Not sure what the deal is with conservatives appearing at these "folksy" type settings, but Bush launched the media campaign for TARPalooza at a soda jerk in Texas, Bobby Jindal laid the southern accent really thick in his response to Obama's State of the Union, and now the GOP launched the Grassroots Caucus "National Council for a New America" at a goddamn pizza parlor. Perhaps they're trying to avoid the dreaded "elitist" label from Limbaugh or something.
These dog and pony shows are billed to "empower the American people to develop innovative solutions that meet the serious challenges confronting our country", and that sounds like DC speak for coming up with new bureaucracies with your tax dollars. Washington Times covered the event and the quotes they selected indicate this wingding had as much substance as Joaquin Phoenix on Valium:
Mr. Romney, a failed 2008 Republican presidential candidate, said his party has got to do a better job of listening. "Let's not underestimate the people of America; let's make sure and listen to the people of America ... listen to what they're feeling and get their ideas," he said.Wow, saying America is awesome, what a controversial political stance! The video for the National Council for a New America on Cantor's YouTube page is a similar montage of patriotic symbols typically reserved for 4th of July parades.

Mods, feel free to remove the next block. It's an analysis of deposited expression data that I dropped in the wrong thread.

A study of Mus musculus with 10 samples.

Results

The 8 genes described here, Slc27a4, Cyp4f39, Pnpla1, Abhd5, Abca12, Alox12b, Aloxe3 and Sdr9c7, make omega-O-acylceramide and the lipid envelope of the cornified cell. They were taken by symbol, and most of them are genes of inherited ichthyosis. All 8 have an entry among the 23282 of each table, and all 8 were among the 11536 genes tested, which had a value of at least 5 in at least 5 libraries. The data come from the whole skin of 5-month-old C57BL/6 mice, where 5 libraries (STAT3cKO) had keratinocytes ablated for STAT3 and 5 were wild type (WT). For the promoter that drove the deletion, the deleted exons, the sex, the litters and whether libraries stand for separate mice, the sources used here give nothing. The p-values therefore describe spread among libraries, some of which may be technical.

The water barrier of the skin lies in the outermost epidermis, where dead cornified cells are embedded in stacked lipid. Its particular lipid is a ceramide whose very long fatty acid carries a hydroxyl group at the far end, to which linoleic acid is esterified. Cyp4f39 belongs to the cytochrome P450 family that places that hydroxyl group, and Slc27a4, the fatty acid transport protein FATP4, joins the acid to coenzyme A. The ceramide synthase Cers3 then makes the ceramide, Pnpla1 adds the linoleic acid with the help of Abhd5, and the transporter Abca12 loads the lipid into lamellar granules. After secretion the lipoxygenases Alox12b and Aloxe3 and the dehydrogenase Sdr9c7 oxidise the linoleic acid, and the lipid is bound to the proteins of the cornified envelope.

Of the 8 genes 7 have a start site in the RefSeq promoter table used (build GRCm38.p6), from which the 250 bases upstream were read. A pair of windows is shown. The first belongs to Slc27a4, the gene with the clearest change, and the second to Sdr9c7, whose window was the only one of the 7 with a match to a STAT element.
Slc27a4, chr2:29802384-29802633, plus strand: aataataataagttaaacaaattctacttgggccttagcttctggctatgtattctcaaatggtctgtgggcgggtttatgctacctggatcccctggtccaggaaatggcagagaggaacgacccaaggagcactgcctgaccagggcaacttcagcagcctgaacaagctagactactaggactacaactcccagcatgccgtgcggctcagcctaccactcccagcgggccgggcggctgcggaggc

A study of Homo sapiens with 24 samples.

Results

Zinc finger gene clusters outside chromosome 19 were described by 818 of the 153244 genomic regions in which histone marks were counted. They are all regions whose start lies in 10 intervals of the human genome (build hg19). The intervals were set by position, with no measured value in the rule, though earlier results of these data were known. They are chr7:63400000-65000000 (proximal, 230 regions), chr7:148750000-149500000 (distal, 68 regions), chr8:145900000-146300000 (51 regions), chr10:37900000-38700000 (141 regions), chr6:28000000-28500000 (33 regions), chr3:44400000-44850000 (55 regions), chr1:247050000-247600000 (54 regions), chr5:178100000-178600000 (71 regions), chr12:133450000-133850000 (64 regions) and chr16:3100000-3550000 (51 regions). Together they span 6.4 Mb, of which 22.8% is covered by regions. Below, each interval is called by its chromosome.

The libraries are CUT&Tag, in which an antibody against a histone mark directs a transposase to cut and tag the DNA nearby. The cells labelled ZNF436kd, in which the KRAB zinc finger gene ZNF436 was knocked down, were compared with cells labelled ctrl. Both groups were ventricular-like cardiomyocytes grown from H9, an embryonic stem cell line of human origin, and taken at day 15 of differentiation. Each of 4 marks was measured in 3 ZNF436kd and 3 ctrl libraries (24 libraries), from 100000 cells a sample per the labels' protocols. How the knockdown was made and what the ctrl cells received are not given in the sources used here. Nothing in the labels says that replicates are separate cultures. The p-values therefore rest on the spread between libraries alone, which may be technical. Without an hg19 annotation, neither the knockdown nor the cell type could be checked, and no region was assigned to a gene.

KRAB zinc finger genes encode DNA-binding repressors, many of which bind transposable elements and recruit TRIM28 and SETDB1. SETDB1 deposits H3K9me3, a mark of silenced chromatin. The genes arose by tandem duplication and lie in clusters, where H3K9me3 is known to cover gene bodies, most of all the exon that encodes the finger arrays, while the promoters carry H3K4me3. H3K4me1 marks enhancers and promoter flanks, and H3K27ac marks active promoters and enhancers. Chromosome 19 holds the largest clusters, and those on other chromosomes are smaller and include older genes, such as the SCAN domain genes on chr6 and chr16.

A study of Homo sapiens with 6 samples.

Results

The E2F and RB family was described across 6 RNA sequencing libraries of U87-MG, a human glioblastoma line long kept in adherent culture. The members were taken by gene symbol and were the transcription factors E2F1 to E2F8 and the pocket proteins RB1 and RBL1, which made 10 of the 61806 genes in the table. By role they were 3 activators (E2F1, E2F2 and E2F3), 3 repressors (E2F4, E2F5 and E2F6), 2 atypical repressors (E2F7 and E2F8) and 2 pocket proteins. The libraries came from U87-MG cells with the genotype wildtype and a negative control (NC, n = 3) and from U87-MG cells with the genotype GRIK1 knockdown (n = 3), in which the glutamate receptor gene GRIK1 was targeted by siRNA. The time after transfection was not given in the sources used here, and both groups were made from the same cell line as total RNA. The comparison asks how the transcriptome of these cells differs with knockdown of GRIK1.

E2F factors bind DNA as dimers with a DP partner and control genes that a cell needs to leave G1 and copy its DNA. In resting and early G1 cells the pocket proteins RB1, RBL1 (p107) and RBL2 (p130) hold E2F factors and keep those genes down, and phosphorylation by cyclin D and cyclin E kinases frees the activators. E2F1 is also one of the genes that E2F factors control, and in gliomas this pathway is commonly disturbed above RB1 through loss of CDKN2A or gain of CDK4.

The Obama administration has essentially nationalized the auto-making industry and is putting us all on the path to debtor's prison, and these GOP bulwarks are wilting under criticism from the Dems that they are the "Party of No". Sounds like this GOP project is scheming up Ross Douthat-style programs of targeted tax credits to vote-buy suburban families to show how much they "care". Another group of politicians promising Americans that they will be able to live beyond their means while the economy goes tits up due to easy money, geez.
Update: Ed Morrisey concurs that because of the policies of excessive spending during Bush II: "The surprise isn’t that the GOP began losing elections in 2006. The surprise is that they didn’t start losing them earlier." In further developments on how to perpetually lose, the GOP is looking to Bush aides for advice.